More Uninsured Americans Not Filling Prescriptions, Delaying Doctor's Visits, Skipping Medical Procedures

While the U.S. economy is arguably inching toward improvement, costs for health insurance continue to climb. Combined with still-high unemployment and a growing number of employers requiring employees to pay a larger share of their insurance premiums, and there are a lot of uninsured and under-insured Americans out there. And according to the Consumer Reports annual prescription drug poll, a growing number of these people are going without needed care or medication.

Talking to Americans under the age of 65 without an insurance plan that covers prescription drugs, Consumer Reports found the following:

* 62% declined a medical test because of cost (an increase of 29% from 2011)
* 45% skipped filling a prescription because of cost (an increase of 19%)
* 63% put off a doctor’s visit to save money (an increase of 16%)
* 51% skipped a medical procedure due to cost (an increase of 12%)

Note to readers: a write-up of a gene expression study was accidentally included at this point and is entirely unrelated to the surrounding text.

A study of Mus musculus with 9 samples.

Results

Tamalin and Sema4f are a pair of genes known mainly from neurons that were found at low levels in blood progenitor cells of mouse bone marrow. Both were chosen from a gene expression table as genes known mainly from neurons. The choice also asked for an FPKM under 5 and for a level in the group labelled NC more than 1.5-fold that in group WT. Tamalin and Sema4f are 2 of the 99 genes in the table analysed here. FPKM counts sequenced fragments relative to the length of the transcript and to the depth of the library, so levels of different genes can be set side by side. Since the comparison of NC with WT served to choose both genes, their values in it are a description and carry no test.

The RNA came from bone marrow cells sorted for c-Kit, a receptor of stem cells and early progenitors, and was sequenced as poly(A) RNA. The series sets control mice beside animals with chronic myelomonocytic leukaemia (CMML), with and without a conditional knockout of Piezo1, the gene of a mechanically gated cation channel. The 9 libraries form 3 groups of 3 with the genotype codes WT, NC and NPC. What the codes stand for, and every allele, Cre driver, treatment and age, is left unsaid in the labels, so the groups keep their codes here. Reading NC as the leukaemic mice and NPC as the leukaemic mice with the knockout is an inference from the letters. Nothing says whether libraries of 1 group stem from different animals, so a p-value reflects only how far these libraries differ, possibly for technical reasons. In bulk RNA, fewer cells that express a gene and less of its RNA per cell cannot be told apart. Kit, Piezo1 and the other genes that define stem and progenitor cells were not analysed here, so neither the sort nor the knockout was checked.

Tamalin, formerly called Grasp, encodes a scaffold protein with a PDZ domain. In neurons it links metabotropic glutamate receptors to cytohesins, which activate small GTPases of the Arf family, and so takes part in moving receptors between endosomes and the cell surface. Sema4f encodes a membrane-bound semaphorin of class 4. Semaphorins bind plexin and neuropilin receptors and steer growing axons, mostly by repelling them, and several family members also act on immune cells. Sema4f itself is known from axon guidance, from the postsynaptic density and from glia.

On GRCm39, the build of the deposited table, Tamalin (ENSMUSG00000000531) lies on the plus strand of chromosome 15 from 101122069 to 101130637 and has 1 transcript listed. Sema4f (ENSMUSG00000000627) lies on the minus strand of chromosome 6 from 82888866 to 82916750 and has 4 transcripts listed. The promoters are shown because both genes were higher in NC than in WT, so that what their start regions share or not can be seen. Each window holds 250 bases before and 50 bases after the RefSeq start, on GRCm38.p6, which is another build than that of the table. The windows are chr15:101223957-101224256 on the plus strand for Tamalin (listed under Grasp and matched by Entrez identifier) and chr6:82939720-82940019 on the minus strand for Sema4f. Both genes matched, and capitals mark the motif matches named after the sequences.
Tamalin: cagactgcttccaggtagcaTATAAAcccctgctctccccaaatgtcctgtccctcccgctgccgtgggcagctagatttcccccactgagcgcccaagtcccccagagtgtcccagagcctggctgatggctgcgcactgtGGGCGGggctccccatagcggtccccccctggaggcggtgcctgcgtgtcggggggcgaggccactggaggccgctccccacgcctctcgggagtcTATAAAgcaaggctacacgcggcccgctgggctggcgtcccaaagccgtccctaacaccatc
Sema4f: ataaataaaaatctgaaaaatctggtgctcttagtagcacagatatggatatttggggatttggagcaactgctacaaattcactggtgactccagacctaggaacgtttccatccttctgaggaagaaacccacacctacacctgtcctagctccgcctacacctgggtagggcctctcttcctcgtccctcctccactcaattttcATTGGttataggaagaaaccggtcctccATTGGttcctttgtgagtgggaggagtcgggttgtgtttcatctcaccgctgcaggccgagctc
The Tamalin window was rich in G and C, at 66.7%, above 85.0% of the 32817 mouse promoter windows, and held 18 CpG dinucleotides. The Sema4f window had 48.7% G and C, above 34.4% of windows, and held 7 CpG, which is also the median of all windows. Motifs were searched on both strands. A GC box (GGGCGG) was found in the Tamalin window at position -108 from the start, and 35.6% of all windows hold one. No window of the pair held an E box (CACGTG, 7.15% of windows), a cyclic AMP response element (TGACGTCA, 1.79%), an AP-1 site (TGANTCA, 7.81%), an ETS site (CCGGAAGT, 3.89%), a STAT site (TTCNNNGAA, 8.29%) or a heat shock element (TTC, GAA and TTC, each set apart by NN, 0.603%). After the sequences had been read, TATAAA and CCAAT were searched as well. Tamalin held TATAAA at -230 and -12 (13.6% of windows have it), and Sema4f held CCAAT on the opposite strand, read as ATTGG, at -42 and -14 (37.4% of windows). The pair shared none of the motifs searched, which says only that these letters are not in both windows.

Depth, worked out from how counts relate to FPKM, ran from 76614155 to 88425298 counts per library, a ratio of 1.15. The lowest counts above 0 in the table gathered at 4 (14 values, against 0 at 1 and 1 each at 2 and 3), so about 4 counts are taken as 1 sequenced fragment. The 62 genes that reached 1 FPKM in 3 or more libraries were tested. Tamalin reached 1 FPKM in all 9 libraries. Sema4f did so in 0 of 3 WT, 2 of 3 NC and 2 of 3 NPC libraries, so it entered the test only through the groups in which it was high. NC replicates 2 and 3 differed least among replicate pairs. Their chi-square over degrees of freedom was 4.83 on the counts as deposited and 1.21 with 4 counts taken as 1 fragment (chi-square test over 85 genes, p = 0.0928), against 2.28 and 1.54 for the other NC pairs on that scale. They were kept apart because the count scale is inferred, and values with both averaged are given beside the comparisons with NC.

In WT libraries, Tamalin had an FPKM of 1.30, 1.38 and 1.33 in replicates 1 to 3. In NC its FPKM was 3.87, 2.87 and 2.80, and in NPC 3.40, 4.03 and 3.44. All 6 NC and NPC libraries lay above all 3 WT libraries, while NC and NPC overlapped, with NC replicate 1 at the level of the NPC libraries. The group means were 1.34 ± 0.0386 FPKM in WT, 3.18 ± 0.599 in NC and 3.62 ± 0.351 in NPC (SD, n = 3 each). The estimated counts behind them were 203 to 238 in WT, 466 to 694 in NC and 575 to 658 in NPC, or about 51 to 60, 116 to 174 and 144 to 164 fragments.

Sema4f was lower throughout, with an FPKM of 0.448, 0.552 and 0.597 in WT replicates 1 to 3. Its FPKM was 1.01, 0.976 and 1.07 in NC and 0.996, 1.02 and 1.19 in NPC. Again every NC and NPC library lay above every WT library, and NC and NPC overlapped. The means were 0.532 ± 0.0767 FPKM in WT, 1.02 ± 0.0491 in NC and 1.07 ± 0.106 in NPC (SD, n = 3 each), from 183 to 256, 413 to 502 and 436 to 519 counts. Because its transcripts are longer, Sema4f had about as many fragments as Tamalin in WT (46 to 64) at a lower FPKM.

81% of these people said they had done at least one of the above during the last year.

This news comes at a time when nearly half of adult Americans (46%) are taking some sort of prescription medication, with the average being 4.1 medications. Lest you think that the large, aging Baby Boomer population is skewing this data, the CR survey found that 25% of Americans ages 18 to 39, take at least two prescription medicines.

“Americans are in serious financial distress and now, more than ever, they need to be thinking about their health. With everything we know about the relationship between stress and health, it is very worrisome to think that people aren’t getting the care they need,” said John Santa, M.D., M.P.H., director of the Consumer Reports Health Ratings Center.

In addition to foregoing medical care, the CR survey found that many consumers are not confiding in the professionals who could actually help them cut their health care costs.

68% of respondents said they are uncomfortable discussing personal financial difficulties with their pharmacist, while 47% voiced a similar reluctance in discussing money problems with their physician.

“This is a very serious red flag,” says Santa. “Patients need to speak up, but doctors have a role too. An important part of a physician’s professional obligations includes assistance navigating stressful financial times—especially when part of the stress is related to the health care a physician orders or provides. For most physicians, their goal is to care for the whole patient not just the portion carrying the wallet.”